Wasps have a terrible PR agency. They are not the enemy and they deserve our respect. We have over 7000 species of wasps in the UK and of these seven species are what we call social wasps. That means they live in a colony, with a life cycle very much like our bumblebees.
Wasps are very closely related to bees. Bees evolved from wasps. Bees are vegan, feeding on pollen and nectar, while the wasps are predatory or parasitic, usually feeding live prey to their offspring. And this means that the annoying wasps we barely tolerate in summer are actually really important in keeping down many of the things gardeners regard as pests. It is thought that the social wasps in our gardens remove something in the region of 14 million kilograms of insect prey from our gardens every year. That is quite staggering and it’s scary to think just what our gardens would be without this free, organic, biological ‘pest’ control.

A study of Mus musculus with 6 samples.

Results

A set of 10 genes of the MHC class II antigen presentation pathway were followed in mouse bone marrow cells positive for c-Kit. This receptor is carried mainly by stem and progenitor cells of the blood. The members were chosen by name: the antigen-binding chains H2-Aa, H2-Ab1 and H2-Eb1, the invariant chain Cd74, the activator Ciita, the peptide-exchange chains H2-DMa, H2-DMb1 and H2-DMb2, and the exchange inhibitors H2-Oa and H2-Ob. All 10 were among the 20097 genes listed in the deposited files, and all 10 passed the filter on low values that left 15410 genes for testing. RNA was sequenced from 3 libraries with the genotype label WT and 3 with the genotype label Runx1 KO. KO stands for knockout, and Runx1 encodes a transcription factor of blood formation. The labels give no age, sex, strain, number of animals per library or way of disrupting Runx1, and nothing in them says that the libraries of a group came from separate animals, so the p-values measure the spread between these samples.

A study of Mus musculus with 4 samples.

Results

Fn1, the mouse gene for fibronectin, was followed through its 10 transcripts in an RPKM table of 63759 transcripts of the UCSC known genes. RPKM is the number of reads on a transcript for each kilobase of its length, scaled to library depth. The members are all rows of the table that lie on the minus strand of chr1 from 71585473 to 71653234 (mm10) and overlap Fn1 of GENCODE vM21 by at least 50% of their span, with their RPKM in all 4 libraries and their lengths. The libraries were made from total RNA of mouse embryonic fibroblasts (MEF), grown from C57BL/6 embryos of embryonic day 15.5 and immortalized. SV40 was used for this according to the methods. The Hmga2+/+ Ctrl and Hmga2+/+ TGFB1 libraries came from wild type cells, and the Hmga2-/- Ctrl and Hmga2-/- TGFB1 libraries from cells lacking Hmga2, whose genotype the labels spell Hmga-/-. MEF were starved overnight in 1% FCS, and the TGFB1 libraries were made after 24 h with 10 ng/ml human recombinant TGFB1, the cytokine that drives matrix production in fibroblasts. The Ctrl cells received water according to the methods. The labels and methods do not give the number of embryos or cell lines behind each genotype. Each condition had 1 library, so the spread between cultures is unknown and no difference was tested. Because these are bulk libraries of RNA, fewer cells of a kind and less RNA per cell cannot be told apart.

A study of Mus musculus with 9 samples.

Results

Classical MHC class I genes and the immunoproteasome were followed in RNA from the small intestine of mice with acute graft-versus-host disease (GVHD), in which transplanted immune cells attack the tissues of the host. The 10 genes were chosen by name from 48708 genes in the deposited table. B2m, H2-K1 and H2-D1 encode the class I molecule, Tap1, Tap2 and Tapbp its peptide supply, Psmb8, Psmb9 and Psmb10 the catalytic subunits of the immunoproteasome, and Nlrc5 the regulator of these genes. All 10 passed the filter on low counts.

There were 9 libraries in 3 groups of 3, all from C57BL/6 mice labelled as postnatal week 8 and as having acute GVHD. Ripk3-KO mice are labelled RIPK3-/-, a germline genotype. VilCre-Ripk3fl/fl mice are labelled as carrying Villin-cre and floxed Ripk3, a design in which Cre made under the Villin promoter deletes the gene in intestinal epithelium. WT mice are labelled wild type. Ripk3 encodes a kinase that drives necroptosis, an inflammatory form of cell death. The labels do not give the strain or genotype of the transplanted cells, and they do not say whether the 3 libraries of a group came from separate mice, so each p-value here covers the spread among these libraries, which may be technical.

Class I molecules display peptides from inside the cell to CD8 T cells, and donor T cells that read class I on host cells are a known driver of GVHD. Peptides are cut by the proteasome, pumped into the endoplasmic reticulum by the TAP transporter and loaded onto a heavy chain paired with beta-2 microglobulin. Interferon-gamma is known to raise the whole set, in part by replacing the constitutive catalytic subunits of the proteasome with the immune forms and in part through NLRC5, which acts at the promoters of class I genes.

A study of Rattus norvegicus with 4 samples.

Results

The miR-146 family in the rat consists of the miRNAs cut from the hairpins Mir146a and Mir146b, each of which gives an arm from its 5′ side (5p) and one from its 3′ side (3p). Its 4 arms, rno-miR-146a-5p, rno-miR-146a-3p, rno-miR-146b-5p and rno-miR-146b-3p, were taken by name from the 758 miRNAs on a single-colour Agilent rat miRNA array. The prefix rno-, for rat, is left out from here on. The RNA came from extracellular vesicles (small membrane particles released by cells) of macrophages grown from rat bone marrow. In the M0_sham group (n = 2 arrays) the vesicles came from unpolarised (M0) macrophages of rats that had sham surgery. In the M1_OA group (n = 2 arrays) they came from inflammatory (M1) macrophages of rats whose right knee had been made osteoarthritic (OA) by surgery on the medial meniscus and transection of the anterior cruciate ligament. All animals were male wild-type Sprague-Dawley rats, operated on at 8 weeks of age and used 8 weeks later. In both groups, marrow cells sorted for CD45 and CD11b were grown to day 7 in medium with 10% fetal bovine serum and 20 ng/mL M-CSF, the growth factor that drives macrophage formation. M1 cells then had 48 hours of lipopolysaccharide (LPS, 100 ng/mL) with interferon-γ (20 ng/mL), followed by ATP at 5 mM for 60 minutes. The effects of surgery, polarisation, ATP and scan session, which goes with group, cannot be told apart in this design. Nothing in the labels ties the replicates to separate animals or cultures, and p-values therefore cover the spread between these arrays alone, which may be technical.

The Queen wasps craft their nests from wood fibre stripped from garden timber, fences and sheds. They use this to make a papier mache citadel as a nest. It’s exquisite and quite incredible.
Adult wasps feed on nectar and visit our garden flowers to drink this energy rich food. As they move from flower to flower, they pick up pollen and transfer it from plant to plant. Unlike the bees, they don’t usually consciously collect pollen.
By midsummer the wasp nest, just like the bumblebee nest, generates next year’s Queens and males. The nest starts to die down and the worker wasps can become a bit cranky, it is these wasps that can be a nuisance during our summer picnics and barbecues. They are seeking a sugar fix and are attracted by fizzy pop, beer and sweet treats. Invite them to the party with their own place setting somewhere away from the table. Put out the end of a pot of jam or a saucer of beer where they can feast away from your guests.
We need to fall in love with wasps and understand their important role in the natural balance. Please think very carefully before destroying a wasp nest with toxins. These chemicals can persist and affect other beneficial insects and creatures in your garden, poisoning a whole layer of the food chain.